Water is a scarce commodity, also described as the “blue gold”. This precious resource is necessary for human survival and is widely used in all types of industries, from food processing to the production of electrical energy.
New technologies such as Big Data analytics can enable businesses, communities and individuals to address a crucial challenge humanity and the planet faces– water loss. But to reach tangible results, it is necessary to have the right tools in place to get the most out of the digital revolution.
According to a report published by the United Nations, by 2030, the demand for water will exceed supply by 40%. It is therefore urgent to implement tools that enhance cities water management capabilities with the aim to mitigate water loss.
Over-consumption in certain regions of the world is undoubtedly the leading cause of water depletion but we must not forget another factor accelerating this trend: leaks. The World Bank pointed out the colossal losses due to water leaks and other technical incidents, estimating that the average city water utility in the United States loses up to 30 percent through leaks, costing municipal services worldwide a staggering $14 billion a year.
To address this problem, governments are installing smart meters, intelligent sensors and IoT devices that track data and geo-locate flooded areas in the city, drilled pipes and other similar problems. This is a smart move, but without the platform to properly leverage data generated to deliver insights, it is difficult to derive any benefit or deliver any return on investment. Indeed, connected devices are not necessarily useful without a tool to interconnect and manage them. A platform that can gather information and proactively identify problems is therefore an imperative.
Artificial intelligence and machine learning appear to be an answer to contemporary water management problems as it allows a proactive water loss management approach based on predictive ‘what if’ analysis that helps evaluate beforehand the impact of water-loss reduction initiatives, and plan optimal strategies to reach set goals and objectives.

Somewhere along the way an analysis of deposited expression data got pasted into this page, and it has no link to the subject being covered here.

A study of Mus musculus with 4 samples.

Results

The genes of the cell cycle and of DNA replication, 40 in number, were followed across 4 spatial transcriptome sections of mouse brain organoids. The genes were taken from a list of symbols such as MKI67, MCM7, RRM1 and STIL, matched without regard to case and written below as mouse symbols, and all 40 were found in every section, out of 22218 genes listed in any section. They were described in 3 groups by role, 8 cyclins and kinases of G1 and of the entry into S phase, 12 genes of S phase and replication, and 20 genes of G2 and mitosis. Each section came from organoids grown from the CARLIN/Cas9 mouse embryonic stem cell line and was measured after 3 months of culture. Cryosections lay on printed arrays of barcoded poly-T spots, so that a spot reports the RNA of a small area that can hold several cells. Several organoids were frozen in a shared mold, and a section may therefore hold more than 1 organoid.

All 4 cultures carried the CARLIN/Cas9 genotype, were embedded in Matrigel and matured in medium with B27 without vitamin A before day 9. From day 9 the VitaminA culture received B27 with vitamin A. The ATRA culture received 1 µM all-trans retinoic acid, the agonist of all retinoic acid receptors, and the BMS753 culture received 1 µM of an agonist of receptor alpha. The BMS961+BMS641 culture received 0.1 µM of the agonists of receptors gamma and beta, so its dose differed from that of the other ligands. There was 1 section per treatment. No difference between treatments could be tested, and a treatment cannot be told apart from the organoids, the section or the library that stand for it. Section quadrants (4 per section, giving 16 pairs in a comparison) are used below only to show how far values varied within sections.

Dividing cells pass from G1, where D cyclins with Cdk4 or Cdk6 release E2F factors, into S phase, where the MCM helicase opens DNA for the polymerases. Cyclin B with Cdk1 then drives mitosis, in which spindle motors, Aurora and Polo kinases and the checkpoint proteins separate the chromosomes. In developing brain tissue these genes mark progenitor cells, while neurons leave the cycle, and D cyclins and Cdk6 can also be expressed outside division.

For example, some cities are already equipped with an intelligent analytics platform, capable of providing them with a 360-degree, real-time overview of their municipal water systems. With immediate access to municipal infrastructure, communities can locate the source of water losses in real time and promptly intervene in the event of leaks. In this case, Big Data analytics enables cities to improve their water management capabilities to reduce water loss and non-revenue water (NRW). A strategy that not only will reduce municipalities bill related to water loss but will also help address this modern-day challenge.
To tackle this global issue, TCS has released Intelligent Urban Exchange (IUX) For Intelligent Water Management, a software solution that delivers end-to-end water management and water leakage reduction to help utilities proactively manage water loss and ensure efficient, reliable water delivery. The platform has a future-friendly, cloud-based architecture and pre-built use cases to help utilities launch smart water initiatives quickly and cost effectively.